Behind the scenes at Westhall pantomime

Sarah Brealey Westhall could not be further from the kind of village where no one knows each other. And it has a lot to do with the village pantomime, which starts tomorrow and is one of the highlights of the year. Sarah Brealey goes behind the scenes.

Sarah Brealey

In less than 48 hours from now, the curtain will go up, the air will smell of greasepaint, and the sounds will be of laughter and “It's behind you!”

But the venue is a small village hall, and the cast and crew drawn from a village of just over 300 people. Westhall, near Halesworth, is an unassuming place, not populated by am-dram enthusiasts or London luvvies with second homes, but it has managed a pantomime every year since 1991. From Jack and the Beanstalk to Cinderella, via Dick Whittington, Sleeping Beauty and Robin Hood, they have all been written by villagers and staged in the village hall. This year it is Robinson Crusoe, the first time they have had to repeat a script after running out of pantos, though a couple of others have appeared in completely rewritten forms.

But even Robinson Crusoe has seen a few changes since it was last put on in 1997. “We had to make it very politically correct,” says Brenda Smith, the choreographer. So there are no blacked-up faces this time round for Man Friday or the cannibals.



Helen, the director, says: “It is quite a large cast to get together. We are not people who belong to am-dram groups, it is a question of rounding up people from the village.”


Brenda, a full-time teacher, says: “It brings people together. We always have two intervals and that gives people time to chat. I think it is a real social occasion. We don't try to make it like a Theatre Royal production - it is a local thing.”

The planning starts in summer with meetings to discuss scripts, and rehearsals start in October. There are always local references - in particular to Tony's Stores, the supportive local shop. Audience participation is also an important element, and those in the front row seats have come to expect that they will have to take part in some way.

Kevin Clouting, 32, is a paramedic when he isn't starring as Robinson Crusoe. He only went to the audition to take his 10-year-old twins Kyle and Bethany, who will be appearing as a sea nymph and an octopus respectively. But he found himself being roped in, despite never having acted before. He said: “I am having a ball. It has been quite a challenge because I have no experience and I am in every scene, but I will definitely be doing it next year.”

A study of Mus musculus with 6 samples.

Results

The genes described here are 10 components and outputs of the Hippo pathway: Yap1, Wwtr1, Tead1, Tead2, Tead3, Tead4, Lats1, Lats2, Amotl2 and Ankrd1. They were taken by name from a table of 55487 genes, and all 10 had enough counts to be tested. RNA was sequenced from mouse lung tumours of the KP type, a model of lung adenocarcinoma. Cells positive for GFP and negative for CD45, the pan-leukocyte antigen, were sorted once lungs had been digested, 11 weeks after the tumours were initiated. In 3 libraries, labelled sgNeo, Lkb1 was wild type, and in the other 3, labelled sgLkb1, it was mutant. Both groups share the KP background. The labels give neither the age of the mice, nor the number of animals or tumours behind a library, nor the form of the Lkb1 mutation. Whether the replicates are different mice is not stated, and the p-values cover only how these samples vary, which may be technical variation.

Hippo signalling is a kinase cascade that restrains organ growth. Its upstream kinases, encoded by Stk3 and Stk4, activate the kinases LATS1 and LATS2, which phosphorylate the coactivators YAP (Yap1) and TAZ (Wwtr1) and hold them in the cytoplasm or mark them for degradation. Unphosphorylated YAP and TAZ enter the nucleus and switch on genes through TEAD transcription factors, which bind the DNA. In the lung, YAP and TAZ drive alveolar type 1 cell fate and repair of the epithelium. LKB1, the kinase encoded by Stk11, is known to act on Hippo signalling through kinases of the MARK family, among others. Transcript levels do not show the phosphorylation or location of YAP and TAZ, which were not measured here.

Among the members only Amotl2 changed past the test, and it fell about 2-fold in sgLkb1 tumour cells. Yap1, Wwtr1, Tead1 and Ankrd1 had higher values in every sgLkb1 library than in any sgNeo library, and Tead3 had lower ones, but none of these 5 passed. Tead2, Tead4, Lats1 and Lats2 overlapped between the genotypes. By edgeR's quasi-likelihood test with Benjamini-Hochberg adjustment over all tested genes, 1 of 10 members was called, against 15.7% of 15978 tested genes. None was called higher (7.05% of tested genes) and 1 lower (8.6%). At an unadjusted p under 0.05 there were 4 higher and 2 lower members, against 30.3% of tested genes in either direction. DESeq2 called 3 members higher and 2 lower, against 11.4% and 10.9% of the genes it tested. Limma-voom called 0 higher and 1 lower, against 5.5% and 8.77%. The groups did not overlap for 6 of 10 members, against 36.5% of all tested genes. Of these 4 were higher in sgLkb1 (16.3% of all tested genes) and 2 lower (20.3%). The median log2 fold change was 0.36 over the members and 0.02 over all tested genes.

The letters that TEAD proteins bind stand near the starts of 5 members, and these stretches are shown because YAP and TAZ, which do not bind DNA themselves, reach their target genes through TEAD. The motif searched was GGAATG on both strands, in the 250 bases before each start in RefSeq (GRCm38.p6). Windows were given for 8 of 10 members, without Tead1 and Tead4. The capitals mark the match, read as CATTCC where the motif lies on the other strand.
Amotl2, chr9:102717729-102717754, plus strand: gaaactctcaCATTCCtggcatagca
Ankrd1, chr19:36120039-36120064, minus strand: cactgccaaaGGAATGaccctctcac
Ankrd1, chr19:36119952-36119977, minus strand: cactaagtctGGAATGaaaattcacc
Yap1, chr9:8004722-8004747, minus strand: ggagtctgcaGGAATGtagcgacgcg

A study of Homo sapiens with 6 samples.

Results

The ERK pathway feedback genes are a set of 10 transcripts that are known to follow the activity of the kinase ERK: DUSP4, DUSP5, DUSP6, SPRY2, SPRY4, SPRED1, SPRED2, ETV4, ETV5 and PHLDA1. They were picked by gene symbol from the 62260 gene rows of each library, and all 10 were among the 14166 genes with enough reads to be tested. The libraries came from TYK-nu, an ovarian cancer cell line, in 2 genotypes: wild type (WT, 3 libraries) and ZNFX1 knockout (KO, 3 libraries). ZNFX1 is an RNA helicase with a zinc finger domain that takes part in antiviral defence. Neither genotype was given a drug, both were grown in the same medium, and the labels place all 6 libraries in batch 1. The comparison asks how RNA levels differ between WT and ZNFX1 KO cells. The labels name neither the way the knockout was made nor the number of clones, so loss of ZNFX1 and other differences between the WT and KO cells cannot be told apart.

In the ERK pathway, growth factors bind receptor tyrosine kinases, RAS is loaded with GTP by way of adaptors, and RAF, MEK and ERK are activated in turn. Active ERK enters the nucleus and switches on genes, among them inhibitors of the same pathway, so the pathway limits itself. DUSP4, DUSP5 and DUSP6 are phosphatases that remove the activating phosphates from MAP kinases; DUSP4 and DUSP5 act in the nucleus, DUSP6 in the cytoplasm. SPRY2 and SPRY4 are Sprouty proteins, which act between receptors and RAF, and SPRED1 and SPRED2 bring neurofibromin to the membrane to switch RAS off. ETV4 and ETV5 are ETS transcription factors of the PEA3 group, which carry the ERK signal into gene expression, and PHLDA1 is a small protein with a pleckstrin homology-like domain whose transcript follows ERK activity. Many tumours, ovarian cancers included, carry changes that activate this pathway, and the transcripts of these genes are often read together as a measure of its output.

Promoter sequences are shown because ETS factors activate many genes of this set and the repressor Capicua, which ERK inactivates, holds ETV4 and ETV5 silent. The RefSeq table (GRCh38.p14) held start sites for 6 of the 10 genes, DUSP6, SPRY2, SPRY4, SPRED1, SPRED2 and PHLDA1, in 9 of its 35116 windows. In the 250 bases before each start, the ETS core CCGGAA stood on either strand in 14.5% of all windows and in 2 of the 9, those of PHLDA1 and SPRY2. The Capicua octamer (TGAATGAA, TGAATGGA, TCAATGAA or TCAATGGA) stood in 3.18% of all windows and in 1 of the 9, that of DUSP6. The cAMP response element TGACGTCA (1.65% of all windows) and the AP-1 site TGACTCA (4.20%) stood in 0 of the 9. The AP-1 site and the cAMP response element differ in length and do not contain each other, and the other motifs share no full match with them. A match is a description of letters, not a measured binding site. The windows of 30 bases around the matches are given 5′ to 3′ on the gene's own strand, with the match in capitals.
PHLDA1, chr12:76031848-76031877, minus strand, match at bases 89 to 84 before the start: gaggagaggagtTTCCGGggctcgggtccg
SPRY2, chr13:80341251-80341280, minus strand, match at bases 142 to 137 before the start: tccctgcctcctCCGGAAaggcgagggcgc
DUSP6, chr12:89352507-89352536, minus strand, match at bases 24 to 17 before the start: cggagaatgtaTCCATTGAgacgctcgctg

Malcolm Rogers, 74, by contrast, has appeared in many of the village's pantomimes, often as the dame. This year he is reprising the role in the guise of Mrs Crusoe. A retired nuclear power station stores manager, he said: “It keeps me away from the television and gets me out and about meeting people.”

The annual pantomime is not without its real-life dramas. Last year Cinderella got laryngitis shortly before the show was due to start, but another talented actress stepped in. This year there was a struggle to find enough cast members, and then no piano player could be found. The show has always had live piano music and the production crew were gloomily talking about having recorded music. But then pianist Margaret Charlton stepped in and saved the day.

Sally Bassett, who is Linda's daughter and is playing the lead pirate, says: “There have been times when we nearly called it off. We have had key characters walk out at the last minute.

“These disasters do happen but it means we overcome them. It is like a panto - good wins over bad in the end.”

tRobinson Crusoe begins on Wednesday, January 30, and runs until Saturday, February 2. All performances start at 7.30pm at the village hall. Tickets cost £5.50 (children £3.50) and are available at the village shop - telephone 01502 575207. Friday and Saturday's performances have nearly sold out but there is still availability for Wednesday and Thursday.